Great Asian horror debuts in U.S.
Over the past few years, dozens of terrible horror films have come out of Hollywood. They not only fail to elicit scares, but they also offer little consideration in regards to artistic integrity, actual thought and, well, an original plot (if any at all). So I gave up on American horror cinema, as should you.
American moviegoers pretty much dismissed the idea of an Asian horror-monster film after a few Godzillas were made, but with the recent release of South Koreaís The Host, Iím hoping that our faith in this genre will once again be restored.
The Host isnít just a horror movie. Itís funny, visually stunning, politically satirical and highly entertaining. From the first scene of a scientist dumping highly toxic waste down a drain, it keeps you on the edge of your seat, always certain that an imminent doom is slowly approaching.
The film follows Park Gang-Du, a deadbeat salesman who milks off his father Hie-bongís eatery business, often falling asleep on the job and constantly consuming the merchandise. Along with his daughter Hyun-seo, they live in a shack by the Han River, where the dangerous chemicals were dumped years earlier. On this particular day, the creature that has been forming underneath the surface emerges, taking Gang-duís daughter captive and causing anarchy throughout the Seoul region.
Gang-du teams up with his father, his bronze-medal-winning Archer sister Nam-Joo and his drunken college graduate brother Nam-il to find Hyun-seo. They must escape the confines of a hospital, where the government has locked up Gang-du for his contact with the ďAgent YellowĒ virus-carrying monster, to go on the impossible mission of locating Hyun-seo in one of the Han Riverís thousands of sewers. Officials refuse to believe that Hyun-seo is actually alive, but suspect that the virus has invaded Gang-duís brain and made him delusional.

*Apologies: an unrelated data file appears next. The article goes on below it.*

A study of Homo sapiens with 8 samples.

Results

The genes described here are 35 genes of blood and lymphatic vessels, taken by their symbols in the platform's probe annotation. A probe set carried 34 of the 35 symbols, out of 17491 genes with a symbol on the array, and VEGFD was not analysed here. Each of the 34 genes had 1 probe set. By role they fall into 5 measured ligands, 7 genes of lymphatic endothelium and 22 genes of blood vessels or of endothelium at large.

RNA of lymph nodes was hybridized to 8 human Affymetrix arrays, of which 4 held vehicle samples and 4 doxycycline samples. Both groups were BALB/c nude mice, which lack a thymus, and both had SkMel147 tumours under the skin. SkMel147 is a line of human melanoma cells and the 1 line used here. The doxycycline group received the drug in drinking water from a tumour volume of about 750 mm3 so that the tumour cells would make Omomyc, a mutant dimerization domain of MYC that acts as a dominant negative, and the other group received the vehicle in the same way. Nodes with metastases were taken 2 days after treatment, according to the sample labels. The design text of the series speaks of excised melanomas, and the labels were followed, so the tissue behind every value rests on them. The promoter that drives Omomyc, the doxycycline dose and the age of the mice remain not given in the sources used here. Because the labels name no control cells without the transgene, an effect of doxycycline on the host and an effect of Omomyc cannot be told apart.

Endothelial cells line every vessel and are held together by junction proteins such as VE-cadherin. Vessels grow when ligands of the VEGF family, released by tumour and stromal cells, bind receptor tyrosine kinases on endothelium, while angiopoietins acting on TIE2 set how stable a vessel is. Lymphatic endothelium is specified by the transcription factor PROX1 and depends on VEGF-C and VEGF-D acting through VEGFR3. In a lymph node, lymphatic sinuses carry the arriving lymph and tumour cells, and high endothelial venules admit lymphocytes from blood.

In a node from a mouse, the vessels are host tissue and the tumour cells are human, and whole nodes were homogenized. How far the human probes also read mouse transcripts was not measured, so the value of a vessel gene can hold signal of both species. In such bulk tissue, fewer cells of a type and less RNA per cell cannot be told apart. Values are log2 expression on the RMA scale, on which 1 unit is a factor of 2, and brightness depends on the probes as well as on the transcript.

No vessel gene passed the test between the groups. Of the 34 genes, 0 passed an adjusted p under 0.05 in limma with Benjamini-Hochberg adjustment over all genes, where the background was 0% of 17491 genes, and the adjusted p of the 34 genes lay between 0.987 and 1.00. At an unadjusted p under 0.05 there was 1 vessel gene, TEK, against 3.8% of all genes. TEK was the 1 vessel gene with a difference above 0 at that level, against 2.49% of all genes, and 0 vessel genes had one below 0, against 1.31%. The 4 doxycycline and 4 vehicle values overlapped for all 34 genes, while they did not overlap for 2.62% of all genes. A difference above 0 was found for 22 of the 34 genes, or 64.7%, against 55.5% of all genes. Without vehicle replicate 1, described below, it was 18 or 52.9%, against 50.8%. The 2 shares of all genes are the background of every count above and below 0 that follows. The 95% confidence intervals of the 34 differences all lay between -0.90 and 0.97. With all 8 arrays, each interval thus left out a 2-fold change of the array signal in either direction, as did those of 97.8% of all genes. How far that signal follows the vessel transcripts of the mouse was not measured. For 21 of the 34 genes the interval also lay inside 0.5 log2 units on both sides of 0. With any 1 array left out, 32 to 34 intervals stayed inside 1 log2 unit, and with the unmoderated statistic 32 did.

The Host takes you on a wild ride of emotions, all of which are never permanent from scene to scene. Some parts are hilarious, while others are touching ó yet it all seems to make sense. The filmmakers werenít hesitant to include commentary about the SARS and AIDS epidemics, and how the governmentís policies often clash with the publicís best interests.
The special effects are nothing short of extraordinary, and are better than any Iíve seen these past few years in American films. The monster is semi-scary, but whatís much more important is just how cool it looks. Itís more graceful than Godzilla, but a heck of a lot more unattractive. The creative and daring cinematography pays special attention to detail, something also often taken for granted in Hollywood. The Host isnít only enjoyable because of its wittiness and subtlety, but itís a joy to just look at as well.
At the beginning of The Host, youíre almost certain you can predict what is bound to happen, but an hour-and-a-half in and numerous plot twists later, you canít be sure whatís lurking around the corner. The monster sure is freaky-looking, but this genre-breaking film isnít just about the monster. Itís much more complex than that.